In The Know: Analyst answers — The Future of CRISPR

With interest on the rise regarding CRISPR (clustered regularly interspaced short palindromic repeats)-Cas9, we spoke to subject expert and analyst Dr Cheryl Barton to dive into recent research. From core issues to surprising insights, here she shares her takeaways from discussions with leading industry experts.

 

FirstWord: What makes CRISPR an important area for pharmaceutical companies right now?

Cheryl Barton: CRISPR is a gene editing technology that was discovered in 2012 and taken research by storm as it offers a cheap, easy, reliable and scalable means of editing genes.

 

FW: What experts have you spoken with on the subject?

CB: We interviewed leading advocates to help you evaluate where - and how - CRISPR is transforming drug discovery, clinical research and therapy development.

  • Benedict Cross, Head of Functional Genomic Screening, Horizon Discovery

  • Thomas Barnes, Senior Vice President of Innovative Sciences & eXtellia, Intellia Therapeutics, one of three companies working in this field with products about to go into the clinic.

  • Chief Operating Officer, Product Development, Manufacturing, Commercial, Synthego, involved in developing CRISPR-based tools for drug discovery and diagnostics.

 

FW: Which key issues generated the most interest during conversations with experts?

CB: The application of CRISPR in drug discovery – tools are already being used by pharma to accelerate development and more effectively choose drug development targets. Likewise, while it is still in early stages, pharma companies like Novartis and Regeneron Pharmaceuticals have began looking at both in vivo for sickle cell anaemia and ocular diseases, and ex vivo in stem cell cancer therapies. Experts also spoke to the possibility of future applications being used in diagnostics.

 

FW: What were some of the most insightful interview quotes?

CB: Regarding the speed of the CRISPR revolution, Benedict Cross from Horizon Discovery said:

“There has been no technology that I've ever seen that's developed so rapidly and become so embedded in every laboratory, with perhaps the exception of something like PCR [polymerase chain reaction] technology, but it's in no way as therapeutically applicable or as dynamic as CRISPR.”

On the topic of CRISPR gaining momentum, Ted Tisch from Synthego said:

“It's almost impossible to predict the future because of the speed of what's happened over the last two years. CRISPR is gaining momentum. Firstly, companies will focus on rare heritable diseases because that population doesn’t have any alternatives and so that’s the perfect place to start. But that's not where it will have its greater impact. That’s going to come from more common diseases like cancer and hemophilia; high-risk patients where there’s a broader patient base. But in order to achieve this we need better informatics, better controls and the regulatory environment needs to be acceptable to that.”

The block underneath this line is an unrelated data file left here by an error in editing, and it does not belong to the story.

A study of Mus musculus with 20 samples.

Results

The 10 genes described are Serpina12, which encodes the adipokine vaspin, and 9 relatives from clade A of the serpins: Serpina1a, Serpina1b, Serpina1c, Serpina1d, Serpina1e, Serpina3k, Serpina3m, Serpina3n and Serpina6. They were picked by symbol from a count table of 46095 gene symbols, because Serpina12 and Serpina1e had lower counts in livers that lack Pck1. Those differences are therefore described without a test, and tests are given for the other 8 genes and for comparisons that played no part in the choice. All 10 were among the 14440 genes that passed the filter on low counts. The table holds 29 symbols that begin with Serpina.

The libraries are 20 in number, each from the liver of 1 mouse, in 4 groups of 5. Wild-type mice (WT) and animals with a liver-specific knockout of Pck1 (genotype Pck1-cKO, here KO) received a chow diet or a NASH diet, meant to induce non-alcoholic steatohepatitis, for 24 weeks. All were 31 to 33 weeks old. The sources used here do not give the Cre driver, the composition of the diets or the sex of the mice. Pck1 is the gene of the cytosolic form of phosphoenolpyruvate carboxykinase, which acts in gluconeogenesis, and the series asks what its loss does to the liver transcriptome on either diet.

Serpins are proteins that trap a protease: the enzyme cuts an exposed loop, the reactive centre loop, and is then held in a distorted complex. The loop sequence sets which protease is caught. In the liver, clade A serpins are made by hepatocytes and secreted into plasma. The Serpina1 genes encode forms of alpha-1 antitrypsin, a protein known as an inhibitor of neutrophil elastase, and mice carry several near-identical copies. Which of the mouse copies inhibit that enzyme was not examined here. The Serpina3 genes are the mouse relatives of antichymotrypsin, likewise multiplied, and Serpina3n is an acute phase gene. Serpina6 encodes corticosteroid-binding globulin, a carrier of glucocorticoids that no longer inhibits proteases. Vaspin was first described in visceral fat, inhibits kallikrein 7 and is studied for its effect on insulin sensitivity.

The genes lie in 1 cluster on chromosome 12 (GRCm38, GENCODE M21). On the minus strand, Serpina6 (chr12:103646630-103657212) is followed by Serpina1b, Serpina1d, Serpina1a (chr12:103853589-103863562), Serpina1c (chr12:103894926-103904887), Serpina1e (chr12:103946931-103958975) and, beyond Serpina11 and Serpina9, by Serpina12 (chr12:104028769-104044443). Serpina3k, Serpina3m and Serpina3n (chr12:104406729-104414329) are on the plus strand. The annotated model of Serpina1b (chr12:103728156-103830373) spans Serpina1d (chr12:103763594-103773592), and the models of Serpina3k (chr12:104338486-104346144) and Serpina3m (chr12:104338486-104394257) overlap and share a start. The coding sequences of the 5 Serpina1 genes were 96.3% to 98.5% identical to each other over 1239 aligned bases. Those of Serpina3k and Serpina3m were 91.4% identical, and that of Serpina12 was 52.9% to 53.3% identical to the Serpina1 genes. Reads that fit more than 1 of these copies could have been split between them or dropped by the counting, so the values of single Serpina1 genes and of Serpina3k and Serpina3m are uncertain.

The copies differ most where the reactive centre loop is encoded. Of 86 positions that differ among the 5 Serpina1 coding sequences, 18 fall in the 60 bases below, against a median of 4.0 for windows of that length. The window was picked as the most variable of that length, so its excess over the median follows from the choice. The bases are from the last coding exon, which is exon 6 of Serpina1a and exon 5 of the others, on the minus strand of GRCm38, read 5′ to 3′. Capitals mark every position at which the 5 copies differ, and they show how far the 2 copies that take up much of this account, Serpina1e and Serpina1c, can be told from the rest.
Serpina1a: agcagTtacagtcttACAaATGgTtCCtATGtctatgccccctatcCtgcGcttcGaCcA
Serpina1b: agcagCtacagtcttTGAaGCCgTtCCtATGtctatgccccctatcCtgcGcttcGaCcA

And lastly, Thomas Barnes of Intellia Therapeutics was quoted:

“CRISPR lends itself to a very modular approach. Essentially you can use the same setup, the same construct, the same delivery to treat a number of different diseases which all originate in the same organ, but for different patients who have those respective diseases. … It'd be nice to get to a point where you could agree with regulators on an approach that would enable you to pursue those sorts of conditions with a universal application package where you can just do the things everybody knows you can do from a therapeutic perspective.”

 

FW: What was the most notable takeaway from researching CRISPR?

CB: The most notable takeaway was explained via a quote from Thomas Barnes of Intellia Therapeutics, discussing where CRISPR might lead in the future: “At some point this century people will routinely have their genomes sequenced, maybe at birth. One driver for doing so will be that knowledge of your genome will have become actionable, because of approaches like the ones Intellia is pioneering. So the technology we are working on represents a frontier of a world where we think about managing the health of individuals very differently.”